Following the trail of post office murals

by marlys good

People choose vacation destinations in different ways and for different reasons. But for the past five years Ron Campbell, a high school teacher from Michigan, has been following the trails of post office murals from Massachusetts to the frontiers of Wyoming. Campbell came into the Standard office Aug. 3, immediately after stopping at the Greybull Post Office to see the mural, “Chuck Wagon Serenade” on the east wall.

Did we know the history behind our mural and the 1,000 others painted on post office walls in towns/cities stretching across the United States from coast to coast during the depression-era, he wanted to know?

When we admitted we did not, it was a natural step to get a face-to-face history lesson from a government/psychology teacher whose passions include art and paintings, especially depression era art.

According to Campbell (and Google), as one of the projects in President Franklin Roosevelt’s New Deal during the Great Depression, the Public Works of Art Project (PWAP) was developed to bring artist workers back into the job market and assure the American public that better financial times were on the way.

In 1933, nearly $145 million in public funds were appropriated for the construction of federal buildings, i.e. courthouses, schools, libraries, post offices and other public structures.

Under the direction of the PWAP, the agency oversaw the production of 15,660 works of art by 3,750 artists. With the ending of the PWAP in the summer of 1934, it was decided the program should be extended and thus the Section of Painting and Sculpture under the U.S. Treasury Department was founded.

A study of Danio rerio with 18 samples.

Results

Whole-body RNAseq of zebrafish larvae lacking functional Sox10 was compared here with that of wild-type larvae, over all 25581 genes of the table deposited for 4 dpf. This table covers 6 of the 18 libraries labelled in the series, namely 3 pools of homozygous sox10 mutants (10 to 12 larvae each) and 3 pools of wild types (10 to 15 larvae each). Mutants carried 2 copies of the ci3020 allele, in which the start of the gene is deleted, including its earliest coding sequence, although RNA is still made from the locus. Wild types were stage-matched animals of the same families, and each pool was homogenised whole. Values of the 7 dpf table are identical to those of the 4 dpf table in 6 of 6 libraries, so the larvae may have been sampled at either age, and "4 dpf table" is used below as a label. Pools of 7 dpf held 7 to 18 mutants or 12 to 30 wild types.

The section focused on reaching as many American citizens as possible. Since local post offices seemed to be the most frequented government buildings by the public, the section requested that murals, approximately 12’ by 5’ oil paintings on canvas, be placed on the wall of the new constructed post offices exclusively. It was recommended that 1 percent of the money budgeted for each post office be set aside for the creation of the murals which would help put out-of-work artists back to work.

Campbell is originally from Iowa, and it was when he was visiting his father in Mount Ayr, Iowa, that he saw his first post office mural.

That mural inspired him to seek further information, and thus began his quest of visiting all 1,000 post offices in the United States where the murals were commissioned.

His 2015 vacation brought him to Greybull and “Chuck Wagon Serenade” and to Powell and “Powell’s Agriculture Resulting from the Shoshone Irrigation Project,” then on to Glacier and “Young Grizzly Bears.”

Also included in this “vacation” were visits to post offices in Deer Lodge and Hamilton, Mont. Thus far his quest to visit all 1,000 post offices took him to number 300 plus a couple.

Does he plan to continue his “trail of the murals?”

“Oh, yeah,” he quickly answered.

“Chuck Wagon Serenade” is one of his favorites, at least out of the 300 or so he’s seen.

Photos he took of the painting will be enlarged and mounted on the wall of his Michigan classroom where it will join three of his other favorites, “Indians Demanding a Wagon Toll,” “Texas Rangers, the Law,” and “The Corn Parade” on the walls of post offices in Langdon, N.D., Smithville, Texas and Ayr, Iowa respectively.

The enlarged photos pique the interest of his students and Campbell is quick to share the history behind the New Deal project.

Thus far, Campbell has visited post offices in Massachusetts, Wisconsin, Ohio, Wyoming, North Dakota, Wyoming and Iowa.

Where the road will lead, and to what post office, will be decided as vacation, 2016, draws closer.